April 20th, 2011 Posted in Opinion

By Jamee Dyches

LOGAN — A young father was sentenced to six days in the Cache County Jail after pleading guilty to impaired driving, a class B misdemeanor, and driving without registration, a class C misdemeanor, during a pretrial conference Tuesday morning.

Colby Rae Nielsen, 21, was pulled over on Nov. 27, 2010, after a police officer realized that the registration on his car had expired. The officer noticed the smell of alcohol coming from the vehicle and put Nielsen through a field sobriety test. He also took a Breathalyzer test, which revealed that he had a blood alcohol level of 1.117.

Randall Cox, Nielsen’s attorney, said, “He’s young and he doesn’t have a lot of disposable income. I would ask the court to take that into consideration.” Cox stated that while Nielsen has a full-time job, most of his income goes toward child support for his son.

“I haven’t seen my son in about four months because of this,” Nielsen added, after expressing his desire to set a better example for his son.

Prosecuting attorney Barbara Lachmar said Nielsen was previously charged with minor in possession of alcohol as well as possession of marijuana and drug paraphernalia in 2010. “Banner year, 2010, huh?” Judge Thomas Willmore commented.

For the charge of impaired driving, Willmore sentenced Nielsen to 180 days in the Cache County Jail. Nielsen will only serve six days, as 174 of the days were suspended. Nielsen will be allowed to serve his jail time on the weekends, reporting to the jail each Friday night after work for three weeks. For the charge of driving without registration, Willmore sentenced Nielsen to 90 days in jail, but then suspended all 90 days.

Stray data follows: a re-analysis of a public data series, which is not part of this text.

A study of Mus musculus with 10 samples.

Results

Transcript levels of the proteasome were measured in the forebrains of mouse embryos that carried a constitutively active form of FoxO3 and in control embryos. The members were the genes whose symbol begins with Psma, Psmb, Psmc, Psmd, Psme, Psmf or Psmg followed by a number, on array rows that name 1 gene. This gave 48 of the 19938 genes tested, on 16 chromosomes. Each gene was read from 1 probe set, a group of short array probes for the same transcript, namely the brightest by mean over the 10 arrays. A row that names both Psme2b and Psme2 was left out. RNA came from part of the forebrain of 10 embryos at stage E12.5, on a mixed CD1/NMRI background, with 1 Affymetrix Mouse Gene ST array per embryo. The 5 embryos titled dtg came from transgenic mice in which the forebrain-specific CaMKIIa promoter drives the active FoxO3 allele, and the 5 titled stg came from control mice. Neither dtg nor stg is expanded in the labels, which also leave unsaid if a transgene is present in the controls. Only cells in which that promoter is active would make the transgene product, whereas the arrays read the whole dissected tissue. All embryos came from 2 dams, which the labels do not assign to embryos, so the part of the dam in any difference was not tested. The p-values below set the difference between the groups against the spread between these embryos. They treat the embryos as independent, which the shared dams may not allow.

Willmore ordered Nielsen to pay a fine of $1,080; $1,033 for impaired driving and $47 for driving without registration. Willmore put Nielsen on probation for one year, and ordered him not to use alcohol or drugs, be around alcohol or drugs, or go to places “where alcohol is the main item on the menu” while on on probation. Nielsen was also ordered to successfully complete drug and alcohol counseling at the Bear River Health Department, as well as attend one 12-step group meeting per week while on probation. Nielsen is also required to maintain a full-time job or education, not associate with known criminals, and submit to urinalysis upon request. “You’re getting six days in jail because you got the MIP,” Willmore said. “You have should have learned from that, and you should have learned from the marijuana charge.”